One cartoonist who probably could have his own skyscraper to run operations from is Albert Uderzo. With a new Asterix book on the way, the 78-year-old artist is showing up in one or two places:
Four-page report of Uderzo being fêted in Brussels for four days.

It's a safe bet that the new Asterix will again be criticized for weak writing. It's likely, if the cover art is any indication, that the art will also fall short of the standards of earlier books:
German Asterix 33 cover
And it's a dead cert that the first-edition print run of the new book will once again exceed that of the last. The report cites a run of 8 million copies in 27 countries — if I remember correctly, the last one started with 6 million.
Many people with an above-average interest in comics resent this. They argue that Uderzo is pissing on René Goscinny's memory, that Asterix is only interesting anymore to collectors who want to keep their series complete, and that Uderzo should stop or that buyers would get more enjoyment out of buying some other comic instead. I've made all these arguments in the past. I will not make them anymore.
Uderzo still enjoys making Asterix. The public still enjoys buying it. The writing is only weak in comparison to Goscinny's – it's actually still written at a high, professional standard (likewise the cover art. It's a bit boring and the composition is off, but I've seen worse in the shops, oh yes). The difference between the new book's initial print run and the last one's isn't made up out of people who bought the entire series and became completists in the last two years; it's probably made up out of people who borrowed the other books and want to buy this one because it's more convenient.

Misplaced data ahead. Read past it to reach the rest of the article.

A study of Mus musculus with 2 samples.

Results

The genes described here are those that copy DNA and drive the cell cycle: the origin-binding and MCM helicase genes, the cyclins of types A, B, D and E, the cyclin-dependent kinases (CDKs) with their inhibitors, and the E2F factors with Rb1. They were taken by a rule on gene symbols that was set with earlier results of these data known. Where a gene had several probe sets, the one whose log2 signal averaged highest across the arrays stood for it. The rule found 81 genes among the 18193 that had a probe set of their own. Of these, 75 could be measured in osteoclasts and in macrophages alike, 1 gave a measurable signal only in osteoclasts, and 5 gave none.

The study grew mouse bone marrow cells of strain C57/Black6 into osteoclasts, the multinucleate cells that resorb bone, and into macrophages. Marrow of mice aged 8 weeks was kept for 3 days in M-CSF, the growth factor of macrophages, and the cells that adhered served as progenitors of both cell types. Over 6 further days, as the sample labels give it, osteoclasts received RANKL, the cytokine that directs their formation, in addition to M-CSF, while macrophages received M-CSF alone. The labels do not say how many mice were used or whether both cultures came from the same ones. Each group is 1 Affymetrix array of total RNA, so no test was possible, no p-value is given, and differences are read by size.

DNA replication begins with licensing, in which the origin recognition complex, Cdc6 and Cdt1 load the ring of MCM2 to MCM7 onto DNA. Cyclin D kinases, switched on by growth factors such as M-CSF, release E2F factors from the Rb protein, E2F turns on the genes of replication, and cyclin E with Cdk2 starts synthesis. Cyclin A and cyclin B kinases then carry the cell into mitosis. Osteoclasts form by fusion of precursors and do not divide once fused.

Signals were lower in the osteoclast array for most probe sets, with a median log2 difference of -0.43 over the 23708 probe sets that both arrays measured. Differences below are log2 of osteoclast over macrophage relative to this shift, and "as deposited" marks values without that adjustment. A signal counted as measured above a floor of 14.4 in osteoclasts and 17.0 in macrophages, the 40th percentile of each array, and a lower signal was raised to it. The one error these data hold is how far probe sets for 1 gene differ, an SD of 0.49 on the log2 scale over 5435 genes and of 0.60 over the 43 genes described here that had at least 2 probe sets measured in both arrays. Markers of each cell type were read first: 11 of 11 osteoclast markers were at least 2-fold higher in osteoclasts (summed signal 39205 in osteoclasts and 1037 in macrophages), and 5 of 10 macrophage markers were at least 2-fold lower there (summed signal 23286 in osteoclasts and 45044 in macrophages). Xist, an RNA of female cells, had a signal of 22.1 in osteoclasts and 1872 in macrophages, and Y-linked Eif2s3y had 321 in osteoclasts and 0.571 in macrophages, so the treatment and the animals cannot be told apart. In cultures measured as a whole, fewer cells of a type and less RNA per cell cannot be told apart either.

Also Asterix is a major force in comics publishing. It's sold in supermarkets as well as bookstores; in spite of this, it will be sold in comics stores in large enough numbers to turn the year around for one or two retailers who might be in trouble right now. Even if I still believed that Asterix should stop for artistic reasons, I couldn't ignore that. That € 80 million turnover will be keeping people employed.
So let's have this new album, Albert! I for one won't buy it, but I can't fault ya for having another go.